Republican presidential nominee Mitt Romney delivered highly publicized remarks on foreign policy Monday afternoon, two weeks before facing President Barack Obama in a security focused debate. The former governor took every opportunity in his 20-minute speech at the Virginia Military Institute to point out the perceived failures of the Obama administration. CNN conducted fact checks on several of Romney’s assertions to gauge their validity.
Throughout his campaign, Romney has cast himself as an ardent backer of Israel - and, either directly or indirectly, suggested that President Barack Obama hasn't been similarly supportive. Monday was no exception as Romney stated that the relationship between Obama and Israeli Prime Minister Benjamin Netanyahu "has suffered great strains" in recent years.
Romney lashed out against Obama's handling of protests in Iran, insisting the president failed to weigh in publicly when Iranian demonstrators were met with violence while protesting the disputed elections three years ago. "When millions of Iranians took to the streets in June of 2009, when they demanded freedom from a cruel regime that threatens the world, when they cried out, 'Are you with us, or are you with them?' - the American president was silent," Romney said.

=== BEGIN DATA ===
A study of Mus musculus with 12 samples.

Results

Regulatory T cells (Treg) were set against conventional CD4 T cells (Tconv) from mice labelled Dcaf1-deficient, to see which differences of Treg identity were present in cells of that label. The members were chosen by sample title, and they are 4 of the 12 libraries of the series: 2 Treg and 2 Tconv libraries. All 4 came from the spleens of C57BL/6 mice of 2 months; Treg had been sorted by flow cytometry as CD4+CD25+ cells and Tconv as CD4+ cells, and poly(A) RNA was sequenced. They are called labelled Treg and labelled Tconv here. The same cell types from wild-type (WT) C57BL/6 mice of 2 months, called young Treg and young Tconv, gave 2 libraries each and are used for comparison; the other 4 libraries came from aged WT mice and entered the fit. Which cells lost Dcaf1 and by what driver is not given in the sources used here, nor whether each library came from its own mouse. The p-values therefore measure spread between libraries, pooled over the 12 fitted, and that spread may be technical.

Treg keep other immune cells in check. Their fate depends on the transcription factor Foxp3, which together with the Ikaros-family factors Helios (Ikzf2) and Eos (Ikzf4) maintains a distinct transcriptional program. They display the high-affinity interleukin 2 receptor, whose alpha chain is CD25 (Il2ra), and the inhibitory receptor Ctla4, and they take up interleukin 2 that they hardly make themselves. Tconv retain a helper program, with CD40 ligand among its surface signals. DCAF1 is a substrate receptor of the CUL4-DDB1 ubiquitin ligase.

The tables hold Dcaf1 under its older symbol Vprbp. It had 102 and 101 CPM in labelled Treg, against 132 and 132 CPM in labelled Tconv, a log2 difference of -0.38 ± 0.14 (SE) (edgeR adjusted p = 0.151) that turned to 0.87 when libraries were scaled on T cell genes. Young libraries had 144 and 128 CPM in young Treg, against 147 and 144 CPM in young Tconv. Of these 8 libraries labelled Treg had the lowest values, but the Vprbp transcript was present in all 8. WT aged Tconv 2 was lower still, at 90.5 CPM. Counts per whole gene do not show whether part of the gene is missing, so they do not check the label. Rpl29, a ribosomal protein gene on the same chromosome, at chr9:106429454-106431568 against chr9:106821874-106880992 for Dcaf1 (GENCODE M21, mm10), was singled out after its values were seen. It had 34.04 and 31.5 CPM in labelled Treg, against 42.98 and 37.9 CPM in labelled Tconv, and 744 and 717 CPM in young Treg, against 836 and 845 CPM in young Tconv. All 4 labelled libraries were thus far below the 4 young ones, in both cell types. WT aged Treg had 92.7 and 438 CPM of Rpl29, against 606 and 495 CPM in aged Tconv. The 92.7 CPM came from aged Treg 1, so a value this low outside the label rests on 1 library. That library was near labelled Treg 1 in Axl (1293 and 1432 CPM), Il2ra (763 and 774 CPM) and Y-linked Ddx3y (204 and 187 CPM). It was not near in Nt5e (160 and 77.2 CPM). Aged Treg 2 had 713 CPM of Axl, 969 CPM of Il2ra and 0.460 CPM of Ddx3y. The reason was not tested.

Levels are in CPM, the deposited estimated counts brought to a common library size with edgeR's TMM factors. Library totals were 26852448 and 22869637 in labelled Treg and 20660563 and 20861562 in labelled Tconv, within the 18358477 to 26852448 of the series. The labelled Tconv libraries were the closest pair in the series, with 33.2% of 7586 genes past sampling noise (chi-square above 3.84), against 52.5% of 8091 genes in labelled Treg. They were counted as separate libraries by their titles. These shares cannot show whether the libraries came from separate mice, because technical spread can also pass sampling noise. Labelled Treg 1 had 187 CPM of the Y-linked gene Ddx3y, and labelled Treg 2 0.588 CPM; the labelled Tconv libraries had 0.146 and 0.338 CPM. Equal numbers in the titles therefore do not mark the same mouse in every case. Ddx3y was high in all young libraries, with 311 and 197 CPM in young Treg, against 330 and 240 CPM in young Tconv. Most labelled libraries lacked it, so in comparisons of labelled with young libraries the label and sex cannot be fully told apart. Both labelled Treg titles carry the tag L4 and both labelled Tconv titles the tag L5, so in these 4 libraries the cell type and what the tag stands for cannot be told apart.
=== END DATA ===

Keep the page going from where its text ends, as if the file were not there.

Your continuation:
Trying to equate the U.S. Navy's size to Obama administration policies, Romney also said the fleet was as small as it was around World War I and vowed he'd boost its size if he became president. In an effort to augment the force and power of the Navy, he suggested bolstering the Navy overall by building 15 ships a year, including three submarines.
The former CEO of Bain Capital criticized Obama’s business record, saying he "has not signed one new free-trade agreement in the past four years," and assuring the audience he would "reverse that failure."